By Hanna Hasl-Kelchner, The No Nonsense Lawyer™
If you’re bitten by the entrepreneurial bug and ready to strike out on your own, the sole proprietorship is the quickest and easiest way to get into business for yourself. It typically requires few if any legal documents and minimal record keeping.
Proprietorships typically operate under the name of the owner. But if you prefer to do business under another name, that works too. Operating under a snazzy fictitious name or a “doing business as” (DBA) name, as it’s commonly called, requires filing a form in the state or county where you plan to operate.
It’s important to note that the DBA filing should occur before you start using your DBA name. It’s a relatively simple form. Check with the Secretary of State where you plan to operate for details about specific filing requirements and where to get the form. Remember, the staff at the Secretary of State office want you to be successful and will be more than happy to answer your questions and help you find what you need. You can find Secretary of State contact information in your local phone book under “government” or online.
Before you get your business cards printed and hold a grand opening, there are a few more things you need to know about sole proprietorships. Ease of formation and record keeping are only one of five factors to consider before deciding whether a sole proprietorship, or any other form of business, is right for you. The other factors are: legal liability, tax reporting, management and ownership flexibility, and your future plans.
As the name suggests, a sole proprietorship begins and ends with you. Legally, you have full control and responsibility for all business decisions and profits. That’s the good news. But along with full operational control comes full personal liability for all business obligations. That’s the bad news. It means creditors, including judgment creditors, can go after your car, your house, and your bank account. Those assets are not shielded the way they are in other business structures.
From a tax perspective, sole proprietorships are not treated as separate taxable entities. What that means for you is that business income is taxed only once and reported on your personal tax return. Being a sole owner also means that by definition ownership is limited to one owner — you. If you die your business could die with you. If you’re incapacitated due to sickness or personal injury, your business could suffer. Also, as a practical matter, because you and your business are essentially one, it may be more difficult to obtain long-term business financing.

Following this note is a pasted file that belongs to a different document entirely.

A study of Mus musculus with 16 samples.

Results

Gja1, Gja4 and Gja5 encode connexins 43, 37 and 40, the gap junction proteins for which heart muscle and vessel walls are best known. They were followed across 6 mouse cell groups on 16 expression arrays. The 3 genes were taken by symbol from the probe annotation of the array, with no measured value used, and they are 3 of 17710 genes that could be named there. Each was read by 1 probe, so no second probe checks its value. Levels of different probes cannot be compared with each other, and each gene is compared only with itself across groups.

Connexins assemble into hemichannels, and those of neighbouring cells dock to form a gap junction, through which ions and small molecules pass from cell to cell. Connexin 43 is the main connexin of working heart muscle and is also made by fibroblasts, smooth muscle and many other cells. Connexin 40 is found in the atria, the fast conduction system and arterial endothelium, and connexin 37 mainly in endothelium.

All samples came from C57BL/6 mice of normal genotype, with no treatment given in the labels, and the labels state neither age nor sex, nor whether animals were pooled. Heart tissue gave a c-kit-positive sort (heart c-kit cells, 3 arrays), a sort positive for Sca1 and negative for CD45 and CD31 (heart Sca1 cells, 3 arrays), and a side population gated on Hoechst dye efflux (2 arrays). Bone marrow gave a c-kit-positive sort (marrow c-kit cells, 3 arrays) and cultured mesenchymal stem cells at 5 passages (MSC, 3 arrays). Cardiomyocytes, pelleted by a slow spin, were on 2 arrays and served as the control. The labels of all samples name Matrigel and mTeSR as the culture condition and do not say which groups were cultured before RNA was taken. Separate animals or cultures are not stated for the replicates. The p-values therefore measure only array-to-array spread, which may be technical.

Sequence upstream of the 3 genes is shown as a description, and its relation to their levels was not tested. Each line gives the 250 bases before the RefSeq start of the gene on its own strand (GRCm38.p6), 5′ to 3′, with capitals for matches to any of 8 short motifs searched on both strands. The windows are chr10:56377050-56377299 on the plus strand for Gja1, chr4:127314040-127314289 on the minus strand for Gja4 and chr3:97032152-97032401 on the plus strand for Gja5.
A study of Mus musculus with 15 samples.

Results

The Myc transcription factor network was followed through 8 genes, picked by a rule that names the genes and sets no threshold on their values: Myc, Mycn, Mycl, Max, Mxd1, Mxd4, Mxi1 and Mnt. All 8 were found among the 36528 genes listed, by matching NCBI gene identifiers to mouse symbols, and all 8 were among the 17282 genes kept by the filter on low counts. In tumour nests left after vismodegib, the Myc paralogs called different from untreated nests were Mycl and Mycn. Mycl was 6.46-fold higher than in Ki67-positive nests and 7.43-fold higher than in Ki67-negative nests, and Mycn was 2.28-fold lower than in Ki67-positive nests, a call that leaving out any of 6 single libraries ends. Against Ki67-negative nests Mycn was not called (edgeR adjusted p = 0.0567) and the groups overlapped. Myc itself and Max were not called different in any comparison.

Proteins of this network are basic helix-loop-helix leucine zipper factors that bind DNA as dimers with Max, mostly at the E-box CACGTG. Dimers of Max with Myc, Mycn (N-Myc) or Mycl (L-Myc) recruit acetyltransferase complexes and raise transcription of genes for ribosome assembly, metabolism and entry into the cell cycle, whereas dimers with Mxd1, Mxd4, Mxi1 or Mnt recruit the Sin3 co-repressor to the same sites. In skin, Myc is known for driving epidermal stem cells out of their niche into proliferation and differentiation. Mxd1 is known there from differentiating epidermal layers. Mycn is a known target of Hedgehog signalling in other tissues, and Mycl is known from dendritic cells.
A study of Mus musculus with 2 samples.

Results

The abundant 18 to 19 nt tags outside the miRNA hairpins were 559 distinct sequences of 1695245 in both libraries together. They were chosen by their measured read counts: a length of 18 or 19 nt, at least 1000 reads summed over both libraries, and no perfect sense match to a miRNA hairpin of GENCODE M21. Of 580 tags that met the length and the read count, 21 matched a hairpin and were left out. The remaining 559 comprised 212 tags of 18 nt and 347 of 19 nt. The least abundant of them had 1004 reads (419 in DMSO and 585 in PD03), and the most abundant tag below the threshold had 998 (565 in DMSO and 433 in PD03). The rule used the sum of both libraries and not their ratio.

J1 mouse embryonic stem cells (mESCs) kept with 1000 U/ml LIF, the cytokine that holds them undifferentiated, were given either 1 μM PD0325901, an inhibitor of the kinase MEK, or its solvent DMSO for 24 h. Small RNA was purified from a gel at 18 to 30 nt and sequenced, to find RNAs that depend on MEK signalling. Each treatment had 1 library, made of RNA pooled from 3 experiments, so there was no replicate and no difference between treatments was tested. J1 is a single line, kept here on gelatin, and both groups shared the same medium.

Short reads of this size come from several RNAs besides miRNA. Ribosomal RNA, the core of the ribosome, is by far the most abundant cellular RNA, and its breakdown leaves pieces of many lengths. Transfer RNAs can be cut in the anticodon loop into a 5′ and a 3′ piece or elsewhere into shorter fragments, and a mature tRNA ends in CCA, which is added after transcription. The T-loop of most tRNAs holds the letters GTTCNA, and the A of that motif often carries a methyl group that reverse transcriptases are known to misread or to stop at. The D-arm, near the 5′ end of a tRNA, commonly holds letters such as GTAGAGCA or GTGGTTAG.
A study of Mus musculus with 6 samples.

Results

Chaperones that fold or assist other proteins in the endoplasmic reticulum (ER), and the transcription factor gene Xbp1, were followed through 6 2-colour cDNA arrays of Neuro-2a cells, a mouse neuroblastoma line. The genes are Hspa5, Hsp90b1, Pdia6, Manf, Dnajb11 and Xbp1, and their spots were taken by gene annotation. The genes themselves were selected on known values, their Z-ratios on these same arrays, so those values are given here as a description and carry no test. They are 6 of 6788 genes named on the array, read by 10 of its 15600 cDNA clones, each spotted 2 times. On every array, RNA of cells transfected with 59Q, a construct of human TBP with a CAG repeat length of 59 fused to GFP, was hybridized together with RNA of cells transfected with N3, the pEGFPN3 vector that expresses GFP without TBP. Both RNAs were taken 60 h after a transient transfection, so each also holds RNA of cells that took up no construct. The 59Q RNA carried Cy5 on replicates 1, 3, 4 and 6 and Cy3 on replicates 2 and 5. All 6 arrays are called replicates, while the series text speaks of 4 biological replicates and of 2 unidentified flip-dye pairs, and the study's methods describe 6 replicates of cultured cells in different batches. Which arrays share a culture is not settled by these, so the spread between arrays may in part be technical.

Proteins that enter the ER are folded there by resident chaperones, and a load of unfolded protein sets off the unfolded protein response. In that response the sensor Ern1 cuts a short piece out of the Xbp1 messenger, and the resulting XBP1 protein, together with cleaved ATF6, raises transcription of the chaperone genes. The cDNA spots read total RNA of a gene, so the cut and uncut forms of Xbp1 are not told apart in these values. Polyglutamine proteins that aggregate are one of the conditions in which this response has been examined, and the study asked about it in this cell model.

Bringing someone else in, whether a spouse or other family member, to share the responsibilities of ownership helps with succession planning and improves the odds that the business can survive without you. But once you share ownership with someone else your business stops being a proprietorship. It automatically becomes a partnership even if you do nothing to set one up.
Partnerships operate under a different set of rules. The failure to recognize that fact could lead to unwanted surprises if your business accidentallyy converts to a partnership and you don’t know it. (See Step 2: Decide If a Partnership Is Right for You).
Your future plans will also influence your decision about whether a proprietorship is for you. If, for example, you plan to ramp up your business with venture capital and go public in a few years, a sole proprietorship is not your best choice. But if you want to be self-employed and believe there’s minimal risk to your personal assets, a sole proprietorship might be a good fit.
Your tax advisor and attorney can assist you in evaluating if it’s right for you. If at a later date your needs change, or you wish to shield the wealth you’ve created as a sole proprietor, they can also help you transition your business into a partnership or corporation.